WILLIAMSBURG – The role has become all too familiar.
Williamsburg has played the part well and even embraced being the underdog. The Raiders view it as a chance to prove themselves and, so far, this dog has had a dangerous bite. They have nipped two higher-ranked teams in the postseason, extending their win streak to seven games.
“We’re feeling pretty good,” senior lineman Billy Grout said. “We have that chip on our shoulder. We’ve kind of been the underdogs the whole season.”
Ninth-ranked Williamsburg faces the same scenario, playing No. 1 Waukon in a Class 2A state football semifinal game Saturday at the UNI-Dome in Cedar Falls, starting at 7 p.m. The pairing is a rematch of the 2017 title game that Waukon won, 29-0.
The Raiders (8-3) — the lowest-ranked team by RPI in the semifinal field — aren’t conceding anything to the unbeaten Indians (11-0). After all, they advanced with a quarterfinal victory at No.2 Clear Lake and first-round triumph over No. 5 Waterloo Columbus.
“They’re playing with a lot of confidence,” Williamsburg Coach Curt Ritchie said. “They’re believing they can play with anybody. I think that is what we’ve learned the most. Just how important that is and how far it will take you, if you approach it with that mindset.”
Williamsburg endured a rough start, going 1-3 in non-district play. The Raiders could have been considered to be in a rebuilding year for a program that has reached the semifinals in two of the last three seasons. They didn’t dwell on it and thrived.
“I love it,” said Williamsburg running back Kaden Wetjen, who ranks sixth in 2A with 1,202 yards and 19 touchdowns. “It motivates everybody on the team. It just makes you work even harder.”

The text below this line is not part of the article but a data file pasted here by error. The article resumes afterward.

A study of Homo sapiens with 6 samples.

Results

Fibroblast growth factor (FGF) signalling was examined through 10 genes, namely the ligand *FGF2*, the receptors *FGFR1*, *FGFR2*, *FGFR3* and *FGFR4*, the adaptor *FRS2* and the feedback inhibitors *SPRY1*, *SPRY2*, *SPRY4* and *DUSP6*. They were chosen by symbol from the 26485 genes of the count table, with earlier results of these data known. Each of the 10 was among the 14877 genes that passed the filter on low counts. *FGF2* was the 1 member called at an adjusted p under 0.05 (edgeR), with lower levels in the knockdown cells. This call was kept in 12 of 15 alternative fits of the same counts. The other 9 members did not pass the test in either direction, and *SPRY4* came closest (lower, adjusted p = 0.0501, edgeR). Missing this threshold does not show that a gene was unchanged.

Williamsburg was inexperienced to start the year and used that stretch as a chance to grow. Ritchie said there is a consensus that this team has come further than any other Raiders squad. Ritchie praised the leadership of Grout, Alex Jiras and Cole Cremeens on the line, quarterback Levi Weldon and emotional spark and vocal leader Riley Holt.
“We knew we had a long ways to go, but we thought we could get there,” said Ritchie, who has guided Williamsburg to 17 playoff appearances and five semifinal trips. “We felt we could have won a couple of those early games, if we could have been a little bit better in a few different areas. They’ve just grown and gotten better.”
The setbacks helped forge the team and the Raiders’ bond strengthened. They pushed and fed off each other.
“Those losses really brought us closer together,” Grout said. “We really wanted to show everyone what we’re capable of and we’re not a bad team getting beat. We really believed we could do it, stuck together and kept training.”
They rolled district foes and continued that success into the postseason. The Raiders exhibit a trademark toughness with a hard-nosed, swarming defense and a rush attack that tries to control the line of scrimmage.
Williamsburg is sixth in 2A in points, scoring 37.3 points per game. The Raiders have held 2A opponents to 8.5 points and 222.1 yards per game, including 93 rushing.
“We’re never really the biggest team,” Wetjen said. “We’re always going to be physical. It’s a good component to have.”
“I really don’t care,” Wetjen said. “Whatever I need to do to help the team. I’m down for anything. It’s awesome.”
Waukon reached its third straight semifinal and poses a much bigger and tougher challenge than any other 2A team. The Indians’ offense ranks first in total yardage, second in scoring and third in both passing and rushing. Quarterback Creed Welch is just shy of 2,000 passing yards with 26 TDs, while Dawson Baures has 1,460 total yards and 18 scores.
Ritchie said this year’s team resembles the 2017 title team and they have watched that game a few times this week.
“They are so similar,” Ritchie said. “They are so good and fundamentally sound.
“You can tell they have a good program in the fact that they still do what they do and the kids they have doing it now do it as well as they did then. Just a real compliment to them and what they do.”